June 06, 2020

How to fix our security system

Once the FBI’s Phoenix memo and subsequent broadsides from field offices surfaced, it was easy to connect the dots of political partisanship that would emerge. Some Democrats, eager to pull President Bush’s approval ratings down from stratospheric levels, insinuated that the commander in chief may have been derelict in his duty while on terror watch. The president and his top advisers, hardly neophytes on the subject of attack politics, returned fire with the dubious proposition that anyone who dares to question the president during a time of war (which is likely to last indefinitely) is unpatriotic. Moreover, marching onto the news broadcasts in tandem, they warned us that the terrorists are coming at our nuclear power plants, bridges, shopping malls, apartment buildings and sports stadiums, and that it is inevitable they will strike.

We need a cease-fire on the East Bank of the Potomac as well as the West Bank of the Jordan.

It is entirely appropriate for members of Congress to raise questions about the efficiency and effectiveness of our intelligence and national security system without fear that they’ll be tagged with the red badge of Benedict Arnold. But for any formal inquiry to be seen as credible and professional, it must place a high premium on statesmanship rather than political opportunism.

A debate is under way as to whether Congress or a blue ribbon commission should undertake such an inquiry. During the course of my public career, I’ve had the opportunity to participate in public and private investigations of our political policies and institutions. I believe that a case can be made for utilizing both processes to address near- and long-term objectives.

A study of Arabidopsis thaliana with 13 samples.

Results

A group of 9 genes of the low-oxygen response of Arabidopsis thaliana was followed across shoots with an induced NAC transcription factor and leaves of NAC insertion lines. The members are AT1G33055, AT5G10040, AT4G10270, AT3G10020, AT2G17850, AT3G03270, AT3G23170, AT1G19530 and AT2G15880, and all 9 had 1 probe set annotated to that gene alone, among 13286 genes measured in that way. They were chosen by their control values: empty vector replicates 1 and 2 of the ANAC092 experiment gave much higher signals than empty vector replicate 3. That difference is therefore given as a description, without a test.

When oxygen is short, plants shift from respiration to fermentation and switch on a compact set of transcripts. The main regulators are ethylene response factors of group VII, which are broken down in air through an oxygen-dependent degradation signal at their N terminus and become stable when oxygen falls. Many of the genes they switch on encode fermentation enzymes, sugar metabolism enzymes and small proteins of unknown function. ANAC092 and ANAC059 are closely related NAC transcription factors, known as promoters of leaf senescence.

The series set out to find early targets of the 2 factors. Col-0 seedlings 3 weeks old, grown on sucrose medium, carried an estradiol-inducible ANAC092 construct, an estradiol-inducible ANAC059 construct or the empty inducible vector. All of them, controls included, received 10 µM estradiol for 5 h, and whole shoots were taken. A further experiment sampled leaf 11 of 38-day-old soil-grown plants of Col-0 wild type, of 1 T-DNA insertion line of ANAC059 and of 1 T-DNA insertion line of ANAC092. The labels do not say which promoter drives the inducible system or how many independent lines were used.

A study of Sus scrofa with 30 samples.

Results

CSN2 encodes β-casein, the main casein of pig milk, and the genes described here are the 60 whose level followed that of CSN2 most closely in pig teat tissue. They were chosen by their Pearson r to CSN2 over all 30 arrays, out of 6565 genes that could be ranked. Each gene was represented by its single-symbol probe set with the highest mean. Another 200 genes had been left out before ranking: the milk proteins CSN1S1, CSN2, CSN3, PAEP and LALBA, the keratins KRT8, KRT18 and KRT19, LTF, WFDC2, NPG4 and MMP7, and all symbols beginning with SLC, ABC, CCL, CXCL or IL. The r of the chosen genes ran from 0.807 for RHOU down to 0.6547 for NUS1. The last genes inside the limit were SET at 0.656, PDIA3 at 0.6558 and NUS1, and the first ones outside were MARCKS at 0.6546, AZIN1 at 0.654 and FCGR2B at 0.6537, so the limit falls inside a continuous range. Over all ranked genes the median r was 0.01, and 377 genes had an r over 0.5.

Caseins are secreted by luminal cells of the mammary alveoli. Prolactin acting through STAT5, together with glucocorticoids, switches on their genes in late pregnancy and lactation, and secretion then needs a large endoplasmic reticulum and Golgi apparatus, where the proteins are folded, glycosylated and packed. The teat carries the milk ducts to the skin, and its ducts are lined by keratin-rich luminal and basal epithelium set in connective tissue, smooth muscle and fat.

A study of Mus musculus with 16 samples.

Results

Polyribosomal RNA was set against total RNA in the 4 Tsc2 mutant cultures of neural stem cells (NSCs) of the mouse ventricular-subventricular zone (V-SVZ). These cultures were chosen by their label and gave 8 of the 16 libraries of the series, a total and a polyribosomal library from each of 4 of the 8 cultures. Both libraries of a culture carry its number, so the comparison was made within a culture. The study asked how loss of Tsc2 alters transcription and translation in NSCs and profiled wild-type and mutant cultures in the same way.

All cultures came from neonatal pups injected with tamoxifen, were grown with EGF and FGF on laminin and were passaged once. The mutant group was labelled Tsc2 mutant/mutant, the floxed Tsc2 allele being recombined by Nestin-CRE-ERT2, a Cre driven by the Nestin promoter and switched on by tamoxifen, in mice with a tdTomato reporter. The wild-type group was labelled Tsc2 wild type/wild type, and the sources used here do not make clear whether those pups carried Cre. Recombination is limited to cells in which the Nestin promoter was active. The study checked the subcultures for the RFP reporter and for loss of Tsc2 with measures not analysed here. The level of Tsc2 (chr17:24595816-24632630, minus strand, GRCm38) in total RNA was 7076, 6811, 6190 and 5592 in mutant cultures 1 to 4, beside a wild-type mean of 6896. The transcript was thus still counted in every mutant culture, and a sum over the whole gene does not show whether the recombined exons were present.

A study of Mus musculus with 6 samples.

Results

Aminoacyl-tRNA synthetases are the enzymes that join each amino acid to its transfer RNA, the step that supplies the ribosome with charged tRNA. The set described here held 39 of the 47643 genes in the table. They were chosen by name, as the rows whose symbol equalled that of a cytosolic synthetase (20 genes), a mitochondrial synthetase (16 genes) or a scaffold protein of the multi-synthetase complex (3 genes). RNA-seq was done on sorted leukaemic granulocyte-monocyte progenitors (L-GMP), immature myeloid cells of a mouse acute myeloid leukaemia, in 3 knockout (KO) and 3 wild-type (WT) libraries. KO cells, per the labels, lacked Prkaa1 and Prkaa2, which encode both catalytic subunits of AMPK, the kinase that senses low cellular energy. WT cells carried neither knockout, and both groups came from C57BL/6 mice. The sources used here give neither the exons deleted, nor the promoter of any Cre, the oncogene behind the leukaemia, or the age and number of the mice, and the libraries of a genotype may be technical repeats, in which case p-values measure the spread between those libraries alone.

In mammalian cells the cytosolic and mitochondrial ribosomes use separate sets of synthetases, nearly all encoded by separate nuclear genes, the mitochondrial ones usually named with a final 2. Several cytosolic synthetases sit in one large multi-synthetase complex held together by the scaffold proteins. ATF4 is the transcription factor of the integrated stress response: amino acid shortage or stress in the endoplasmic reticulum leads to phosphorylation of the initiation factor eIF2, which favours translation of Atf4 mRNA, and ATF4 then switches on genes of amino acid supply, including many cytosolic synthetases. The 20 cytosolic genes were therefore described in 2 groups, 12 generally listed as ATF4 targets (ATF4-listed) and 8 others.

A joint House-Senate intelligence committee is already proceeding with a closed-door examination of our failure to anticipate or foil the September attack sponsored by Osama bin Laden. The panel is being led by highly competent, seasoned members who have a strong record of maintaining strict confidentiality of highly classified information.

Even as we seek to enlighten the American people as to what warnings of an impending attack were given prior to Sept. 11, and what level of attention they received within the national security establishment, it is important that our sources and methods of gathering intelligence be protected. It would be impossible to establish a new panel of experts, provide the members with security clearances, acquire professional staff and set in motion the fact-gathering process in the immediate future. Therefore it is important that the joint intelligence committee establish and collate all the facts involving warnings and threats, and focus on recommendations for some immediate steps to fill clearly identifiable deficiencies. This can be accomplished in a relatively short time, provided the administration fulfills its pledge of full cooperation.

But it is also imperative that we address the need to restructure our domestic and foreign intelligence apparatus so that it can operate and communicate in a time-urgent and more seamless fashion. Failure to do so would impede, if not prevent, victory in this “long twilight struggle” against the forces of terror.

A panel of scholars, public figures and intelligence leaders would be well-suited to undertake such an effort. Their recommendations for fundamental change and restructuring of the cultures, missions and methodologies of our intelligence agencies would prove indispensable in removing any issue of partisanship and the natural resistance of bureaucratic institutions to functional and behavioral modification. A group sponsored by the Center for Strategic and International Studies, for example, was instrumental in laying the foundation for Congress to pass the historic legislative revision of the Joint Chiefs of Staff known as the Goldwater-Nichols Act.

The American people care little for the senseless finger-pointing they see today from their elected officials. They are equally unimpressed with the attempt to silence voices of legitimate criticism with Cassandra-like forecasts of inevitable doom.

Our task is to develop the capability of our intelligence analysts to connect the fragmentary dots or tell-tale signs that reveal the names and plans of those in our midst who mean to destroy us. We have the choice and chance to do so. The question that remains is whether we have the will. “No” is not an acceptable answer.

William S. Cohen, a former secretary of defense, is chairman and CEO of the Cohen Group, an international strategic business consulting firm in D.C. He also served in the House for six years, in the Senate for 18 years and was vice-chairman of the Senate Select Committee on Intelligence.